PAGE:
Making A Quince Hedge – How To Grow A Quince Fruit Tree Hedge

Image by Chris Eason

By Amy Grant

Quince comes in two forms, the flowering quince (Chaenomeles speciosa), a shrub with early blooming showy flowers and the small, fruiting quince tree (Cydonia oblonga). There are a number of reasons to include either in the landscape, but do quince trees make good hedges, in particular, the fruiting type? And how do you grow a quince fruit tree hedge? Read on to find out about making and growing a fruiting quince hedge.

Do Quince Trees Make Good Hedges?

Flowering quince is spectacular for a few weeks in late winter to early spring but as a single specimen may seem little more than a tangle of thorny branches. But a hedge of quince trees as a mass planting will be even more spectacular early in the season when still yearning for flowers and growing plants.

A hedge of flowering or fruiting quince trees makes a perfect screening or security barrier with its spreading form and spiny branches (flowering type). Plus, quince is easy to care for, adaptable and hardy in USDA zones 4-9.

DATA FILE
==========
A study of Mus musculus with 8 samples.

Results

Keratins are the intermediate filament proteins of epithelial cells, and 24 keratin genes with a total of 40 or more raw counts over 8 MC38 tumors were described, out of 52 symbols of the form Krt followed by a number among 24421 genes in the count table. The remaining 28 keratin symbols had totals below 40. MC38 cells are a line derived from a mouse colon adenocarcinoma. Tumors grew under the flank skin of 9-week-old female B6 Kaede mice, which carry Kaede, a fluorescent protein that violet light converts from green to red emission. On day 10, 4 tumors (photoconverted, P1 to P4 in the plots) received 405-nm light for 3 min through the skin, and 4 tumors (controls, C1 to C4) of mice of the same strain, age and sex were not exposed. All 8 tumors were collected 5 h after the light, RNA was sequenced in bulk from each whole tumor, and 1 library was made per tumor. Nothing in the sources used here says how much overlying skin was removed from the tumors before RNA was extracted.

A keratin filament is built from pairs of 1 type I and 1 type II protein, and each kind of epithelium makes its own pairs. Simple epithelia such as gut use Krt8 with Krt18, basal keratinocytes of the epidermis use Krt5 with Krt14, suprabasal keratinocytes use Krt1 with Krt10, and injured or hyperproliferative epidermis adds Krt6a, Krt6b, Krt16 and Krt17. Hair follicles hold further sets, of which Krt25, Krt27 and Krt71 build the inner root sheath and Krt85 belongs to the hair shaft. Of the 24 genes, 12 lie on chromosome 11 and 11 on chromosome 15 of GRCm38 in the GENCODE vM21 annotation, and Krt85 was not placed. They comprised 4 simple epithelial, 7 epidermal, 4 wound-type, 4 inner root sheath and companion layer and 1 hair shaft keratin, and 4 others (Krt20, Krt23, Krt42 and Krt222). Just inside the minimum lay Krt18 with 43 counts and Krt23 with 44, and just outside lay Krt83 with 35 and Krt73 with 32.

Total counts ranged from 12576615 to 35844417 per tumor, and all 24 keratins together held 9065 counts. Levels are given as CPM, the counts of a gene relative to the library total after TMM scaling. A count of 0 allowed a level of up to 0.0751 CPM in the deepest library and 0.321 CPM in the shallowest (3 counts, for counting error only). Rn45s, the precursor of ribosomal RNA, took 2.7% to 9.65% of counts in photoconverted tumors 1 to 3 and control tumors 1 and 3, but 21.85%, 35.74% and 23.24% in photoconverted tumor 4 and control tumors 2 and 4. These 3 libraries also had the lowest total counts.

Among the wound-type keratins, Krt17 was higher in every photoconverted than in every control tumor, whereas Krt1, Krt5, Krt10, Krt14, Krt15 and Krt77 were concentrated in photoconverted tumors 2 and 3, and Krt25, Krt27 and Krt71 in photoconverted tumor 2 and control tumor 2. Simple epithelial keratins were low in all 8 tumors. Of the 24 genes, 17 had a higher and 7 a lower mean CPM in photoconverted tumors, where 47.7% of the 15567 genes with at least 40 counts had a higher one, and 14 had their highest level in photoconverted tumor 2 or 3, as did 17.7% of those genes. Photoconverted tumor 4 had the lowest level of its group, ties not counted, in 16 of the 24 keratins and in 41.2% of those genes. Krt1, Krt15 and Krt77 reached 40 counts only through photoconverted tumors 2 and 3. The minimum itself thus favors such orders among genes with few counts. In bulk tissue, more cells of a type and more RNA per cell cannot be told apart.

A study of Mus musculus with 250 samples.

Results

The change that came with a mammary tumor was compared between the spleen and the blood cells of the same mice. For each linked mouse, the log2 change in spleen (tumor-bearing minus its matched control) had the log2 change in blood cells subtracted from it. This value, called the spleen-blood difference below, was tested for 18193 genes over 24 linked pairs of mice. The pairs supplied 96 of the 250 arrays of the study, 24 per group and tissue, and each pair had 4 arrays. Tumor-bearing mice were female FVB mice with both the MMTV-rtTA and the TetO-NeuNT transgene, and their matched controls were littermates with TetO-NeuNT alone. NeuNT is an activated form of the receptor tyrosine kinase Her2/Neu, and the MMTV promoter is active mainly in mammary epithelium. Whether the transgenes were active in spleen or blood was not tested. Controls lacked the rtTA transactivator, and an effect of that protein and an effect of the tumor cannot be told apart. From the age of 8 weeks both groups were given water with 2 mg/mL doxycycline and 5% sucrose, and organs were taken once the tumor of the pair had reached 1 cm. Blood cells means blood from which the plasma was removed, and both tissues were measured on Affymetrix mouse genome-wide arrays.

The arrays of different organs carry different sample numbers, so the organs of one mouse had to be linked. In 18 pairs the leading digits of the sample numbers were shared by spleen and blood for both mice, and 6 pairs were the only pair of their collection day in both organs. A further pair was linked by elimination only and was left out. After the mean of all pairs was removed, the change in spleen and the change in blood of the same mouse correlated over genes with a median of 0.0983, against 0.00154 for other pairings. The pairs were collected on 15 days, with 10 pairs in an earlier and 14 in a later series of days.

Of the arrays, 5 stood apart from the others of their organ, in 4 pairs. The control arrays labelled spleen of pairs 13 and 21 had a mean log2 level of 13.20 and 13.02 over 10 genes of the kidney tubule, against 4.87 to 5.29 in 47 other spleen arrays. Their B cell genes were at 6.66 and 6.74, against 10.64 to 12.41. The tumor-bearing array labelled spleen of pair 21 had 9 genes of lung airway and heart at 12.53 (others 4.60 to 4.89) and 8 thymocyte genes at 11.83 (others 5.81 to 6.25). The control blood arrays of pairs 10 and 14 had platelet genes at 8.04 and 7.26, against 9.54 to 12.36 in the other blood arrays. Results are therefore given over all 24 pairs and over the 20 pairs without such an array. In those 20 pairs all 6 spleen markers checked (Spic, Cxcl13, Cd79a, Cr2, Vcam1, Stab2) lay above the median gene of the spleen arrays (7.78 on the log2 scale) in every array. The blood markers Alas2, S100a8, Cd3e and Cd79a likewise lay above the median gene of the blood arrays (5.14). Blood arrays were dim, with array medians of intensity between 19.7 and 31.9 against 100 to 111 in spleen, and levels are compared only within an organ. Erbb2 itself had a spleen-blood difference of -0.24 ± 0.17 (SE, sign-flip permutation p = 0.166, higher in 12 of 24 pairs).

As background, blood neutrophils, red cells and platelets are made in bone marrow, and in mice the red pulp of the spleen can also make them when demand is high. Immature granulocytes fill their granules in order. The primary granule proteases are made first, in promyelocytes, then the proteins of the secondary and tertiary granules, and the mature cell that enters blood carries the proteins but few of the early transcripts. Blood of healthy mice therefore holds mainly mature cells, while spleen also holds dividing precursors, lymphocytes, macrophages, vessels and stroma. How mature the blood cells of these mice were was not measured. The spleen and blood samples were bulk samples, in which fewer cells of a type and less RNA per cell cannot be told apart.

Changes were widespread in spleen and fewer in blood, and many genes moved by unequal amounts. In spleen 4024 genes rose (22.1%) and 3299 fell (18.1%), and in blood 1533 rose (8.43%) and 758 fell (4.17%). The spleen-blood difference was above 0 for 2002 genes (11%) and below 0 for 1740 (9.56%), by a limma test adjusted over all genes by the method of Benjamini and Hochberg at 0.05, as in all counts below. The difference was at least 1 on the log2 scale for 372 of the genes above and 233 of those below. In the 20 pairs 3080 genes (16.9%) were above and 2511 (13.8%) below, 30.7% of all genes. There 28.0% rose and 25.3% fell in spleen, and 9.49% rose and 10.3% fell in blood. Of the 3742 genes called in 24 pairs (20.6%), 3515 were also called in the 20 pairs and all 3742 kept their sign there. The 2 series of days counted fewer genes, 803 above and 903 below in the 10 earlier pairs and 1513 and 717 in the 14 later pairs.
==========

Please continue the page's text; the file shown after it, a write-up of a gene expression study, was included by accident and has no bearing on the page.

How to Grow a Quince Tree Fruit Hedge

Growing a fruiting quince tree hedge requires very little effort or care. Quince is a nearly indestructible, deciduous shrub or tree that grows to from 5-10 feet (2-3 m.) in height and width. It will grow in almost any soil provided it has good drainage and is not overly fertile. Quince tolerates many types of soil with a pH of anywhere from slightly alkaline to acidic. It is very tolerant of pruning and, in fact, judicious pruning has little to no bearing on flowering or fruit set.

Quince can be grown in full sun to partial shade and, once established, is quite drought tolerant. The lovely early blooming flowers are followed by yellow edible fruit. And, yes, the fruit of flowering quince is also edible, just smaller, harder and more tart than those of fruiting quince trees.

When making a quince hedge, you can stick with the same cultivar or mix it up. The intoxicating aroma of the fruit as it ripens indoors smells heavenly. The fruit itself is nutrient rich full of vitamin C (more than in a lemon!) along with the elements potassium, magnesium, iron, copper, zinc, sodium, calcium and rich in fruit acids.

Some quince aficionados swear by jump starting their day with a puree of quince run through a sieve and then sweetened with honey and diluted to taste. Doesn’t sound like a bad way to start the day at all.